Wednesday, 18 May 2011

Tusk Picks Up the Scraps

As Poland's parliamentary elections loom in the Autumn the game of political musical chairs has begun. The most significant development so far has been the high profile left MP - Bartosz Arłukowicz - joining Donald Tusk's government. Although Arłukowicz was not a member of the SLD he was an important and high-profile member of SLD leader Grzegorz Napieralski's team.

In recent days persistent rumours have also been circulating in the media that Donald Tusk is going to offer a number of other prominent left figures positions on PO's electoral list at the forthcoming elections. The majority of these are from the Social Democratic Party of Poland (SdPL) and include people such as Dariusz Rosati, Isabella Sierakowska and Józef Pinior. It seems that Tusk is attempting to incorporate parts of the left into the ranks of PO. Why would he want to do this?

PO were able to win the 2007 parliamentary elections by riding the popular wave of anti-PiS sentiment within the country. PO was seen as being the only party capable of defeating PiS and was therefore able to win the support of a significant section of the SLD electorate who were most concerned with removing Kaczyński's party from office. PO are now trying to repeat this trick through firstly weakening the SLD, by bringing some well-known left figures into PO and thus giving the party a left face during the elections. Secondly, they are spreading fear in the media that if PO do not win the elections then the SLD is likely to form a governing coalition with PiS. This strategy is dangerous for Tusk and PO for two reasons

1. By reaching out to parts of the left, Tusk is potentially isolating and building hostility within other sections of his party. Tusk has attempted to build a broad centre-right party capable of dominating Polish politics and within PO there exists a strong conservative wing. PO has always been a conservative party on cultural and social issues - opposing for example the state funding of in-vitro treatment for couples and refusing to liberalise the country's draconian abortion law or recognise the legal status of same sex relationships (the SLD have put forward a bill in parliament on this issue this week.) As Jarosław Gowin - the major representative of PO's conservative wing - has stated: 'I joined a conservative-liberal party, not a left-liberal one'

PO has also been built upon a political base that has a strong ideological commitment to liberal economic policies. The party has already disgruntled part of this electorate, when it partially nationalised the private pensions system earlier this year. Although in reality this electorate has no other serious political option other than voting for PO, Tusk must ensure that it mobilises its core electorate to come out and vote for it this year.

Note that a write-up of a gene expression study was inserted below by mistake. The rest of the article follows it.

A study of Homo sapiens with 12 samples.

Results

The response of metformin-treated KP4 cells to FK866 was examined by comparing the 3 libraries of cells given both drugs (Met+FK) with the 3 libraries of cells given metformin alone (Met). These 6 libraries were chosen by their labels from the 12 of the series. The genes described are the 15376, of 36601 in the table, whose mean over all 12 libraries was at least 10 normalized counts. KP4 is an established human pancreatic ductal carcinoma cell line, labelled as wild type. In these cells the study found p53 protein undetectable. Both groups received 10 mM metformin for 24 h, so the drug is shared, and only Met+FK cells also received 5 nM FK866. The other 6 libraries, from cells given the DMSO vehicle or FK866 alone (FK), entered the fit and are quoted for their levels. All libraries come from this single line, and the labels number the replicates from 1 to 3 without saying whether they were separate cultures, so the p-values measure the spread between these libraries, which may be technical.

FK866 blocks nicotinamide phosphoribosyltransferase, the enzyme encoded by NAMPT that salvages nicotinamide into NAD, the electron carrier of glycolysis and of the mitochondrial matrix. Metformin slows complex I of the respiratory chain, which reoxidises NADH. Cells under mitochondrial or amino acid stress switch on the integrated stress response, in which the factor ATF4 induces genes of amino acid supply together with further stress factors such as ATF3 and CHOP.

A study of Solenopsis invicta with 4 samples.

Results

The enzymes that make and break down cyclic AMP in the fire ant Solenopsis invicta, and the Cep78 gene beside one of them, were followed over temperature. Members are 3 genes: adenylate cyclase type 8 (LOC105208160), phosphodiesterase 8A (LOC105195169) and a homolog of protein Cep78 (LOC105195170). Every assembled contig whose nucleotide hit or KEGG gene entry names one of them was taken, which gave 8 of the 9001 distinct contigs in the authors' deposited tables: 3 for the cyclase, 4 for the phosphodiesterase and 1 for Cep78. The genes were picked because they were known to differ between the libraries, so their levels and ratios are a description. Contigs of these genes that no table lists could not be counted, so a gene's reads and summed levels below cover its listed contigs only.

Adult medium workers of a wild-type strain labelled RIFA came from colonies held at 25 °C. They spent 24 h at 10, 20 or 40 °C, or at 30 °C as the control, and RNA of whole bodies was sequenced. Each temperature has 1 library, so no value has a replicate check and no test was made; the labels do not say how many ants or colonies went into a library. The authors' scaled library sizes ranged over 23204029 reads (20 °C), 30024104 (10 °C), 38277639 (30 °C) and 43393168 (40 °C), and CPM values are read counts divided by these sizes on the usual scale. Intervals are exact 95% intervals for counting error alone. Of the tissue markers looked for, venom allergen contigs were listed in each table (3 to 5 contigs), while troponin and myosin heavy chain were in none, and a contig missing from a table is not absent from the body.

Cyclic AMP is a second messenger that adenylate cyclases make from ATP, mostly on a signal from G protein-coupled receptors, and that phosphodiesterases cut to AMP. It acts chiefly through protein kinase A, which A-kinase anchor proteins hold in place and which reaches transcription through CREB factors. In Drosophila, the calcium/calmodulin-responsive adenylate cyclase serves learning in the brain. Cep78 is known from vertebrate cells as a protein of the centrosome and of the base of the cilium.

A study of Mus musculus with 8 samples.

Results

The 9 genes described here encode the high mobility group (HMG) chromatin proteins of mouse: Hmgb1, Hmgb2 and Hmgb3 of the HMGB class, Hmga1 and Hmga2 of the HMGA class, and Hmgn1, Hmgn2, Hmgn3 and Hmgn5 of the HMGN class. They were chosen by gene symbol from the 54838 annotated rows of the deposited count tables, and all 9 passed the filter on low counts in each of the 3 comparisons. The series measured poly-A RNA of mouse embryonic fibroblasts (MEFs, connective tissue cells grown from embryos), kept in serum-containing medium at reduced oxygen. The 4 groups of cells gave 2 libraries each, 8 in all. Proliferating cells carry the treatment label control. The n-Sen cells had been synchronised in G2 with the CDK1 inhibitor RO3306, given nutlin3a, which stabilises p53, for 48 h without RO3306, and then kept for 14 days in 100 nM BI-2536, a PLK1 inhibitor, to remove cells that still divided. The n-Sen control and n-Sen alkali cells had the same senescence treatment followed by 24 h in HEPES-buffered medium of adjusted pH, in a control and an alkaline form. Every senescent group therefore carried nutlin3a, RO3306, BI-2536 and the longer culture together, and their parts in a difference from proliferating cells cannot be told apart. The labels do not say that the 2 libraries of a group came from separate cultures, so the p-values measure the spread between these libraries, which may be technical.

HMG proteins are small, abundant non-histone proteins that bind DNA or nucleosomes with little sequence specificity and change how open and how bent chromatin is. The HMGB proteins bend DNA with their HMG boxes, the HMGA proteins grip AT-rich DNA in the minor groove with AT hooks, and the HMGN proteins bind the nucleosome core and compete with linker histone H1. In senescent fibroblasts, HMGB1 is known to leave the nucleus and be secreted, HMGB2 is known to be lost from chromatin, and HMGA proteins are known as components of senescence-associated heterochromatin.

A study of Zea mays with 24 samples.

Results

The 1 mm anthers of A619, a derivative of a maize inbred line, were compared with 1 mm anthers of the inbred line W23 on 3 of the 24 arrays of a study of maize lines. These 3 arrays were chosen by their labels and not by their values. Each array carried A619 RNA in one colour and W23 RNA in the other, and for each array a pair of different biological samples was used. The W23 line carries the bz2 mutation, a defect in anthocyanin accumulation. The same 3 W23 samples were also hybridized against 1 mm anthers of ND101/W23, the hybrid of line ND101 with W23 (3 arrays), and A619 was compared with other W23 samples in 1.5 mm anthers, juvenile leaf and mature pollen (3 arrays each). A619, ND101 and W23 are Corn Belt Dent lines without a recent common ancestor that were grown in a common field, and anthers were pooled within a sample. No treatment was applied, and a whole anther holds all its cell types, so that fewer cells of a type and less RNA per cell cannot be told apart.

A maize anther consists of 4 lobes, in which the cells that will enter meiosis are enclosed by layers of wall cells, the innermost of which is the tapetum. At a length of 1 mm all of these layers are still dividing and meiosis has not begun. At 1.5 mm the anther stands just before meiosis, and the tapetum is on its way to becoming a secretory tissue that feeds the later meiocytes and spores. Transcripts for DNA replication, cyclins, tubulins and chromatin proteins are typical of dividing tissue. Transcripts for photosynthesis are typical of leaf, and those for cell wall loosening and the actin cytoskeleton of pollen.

2. Also the incorporation of individuals connected to the SdPL (of which Arłukowicz was formerly a member) into PO may conversely strengthen the SLD. Let's remind ourselves of the history of this party.

The SdPL was formed as a breakaway from the SLD in 2004, in the wake of the collapse of the Miller government. Led by the then Speaker of the House, Marek Borowski, the SdPL promised to build an authentic, broad and democratic social democratic party in Poland. Many honest activists of the left were drawn to this project in the hope that it represented a potential breakthrough for the Polish left. However, it quickly transpired that the SdPL was not constructing a social democratic party but a social liberal one that sought an alliance with the now evaporated liberal centre. It is a popular political myth that Napieralski has led the SLD into a political cul-de-sac and reduced support for the party. Although the SLD should certainly attempt to broaden its political appeal, the strategy of reaching out to the liberal centre has continually reduced support for the left not increased it (see my previous post on Blairism in Poland).

Therefore while the SLD only won 11% of the vote at the 2005 elections, the SdPL gained less than 4%. Likewise when the two parties ran on a common slate with the liberal Democratic Party (PD) in 2007, the combined vote for the left was just 13%. Many on the left have not forgiven the SdPL for splitting the left and with PO looking like the destination point for many of its leading figures it will increase hostility towards them. The SdPL has now ended up as a collection of generals with no army, desperately seeking a new political home. So much for building a new kind of genuine social democratic politics in Poland.

As the parliamentary elections approach, with only the SLD as the sole left representative, it is imperative that it attempts to unify the left vote around it. Rather than trying to manoeuvre itself into positions in any future hypothetical governing coalition - with either PO or PiS - it should be clearly setting out an alternative to the right. This would mean laying out clearly a set of political principles on which it refuses to compromise in any future coalition negotiations (e.g. against the privatisation of hospitals or for the state funding of in-vitro treatment). In this way the SLD would show how it is a party of political principle in contrast to its defectors who are already involved in the unseemly game of seeking political office at all costs.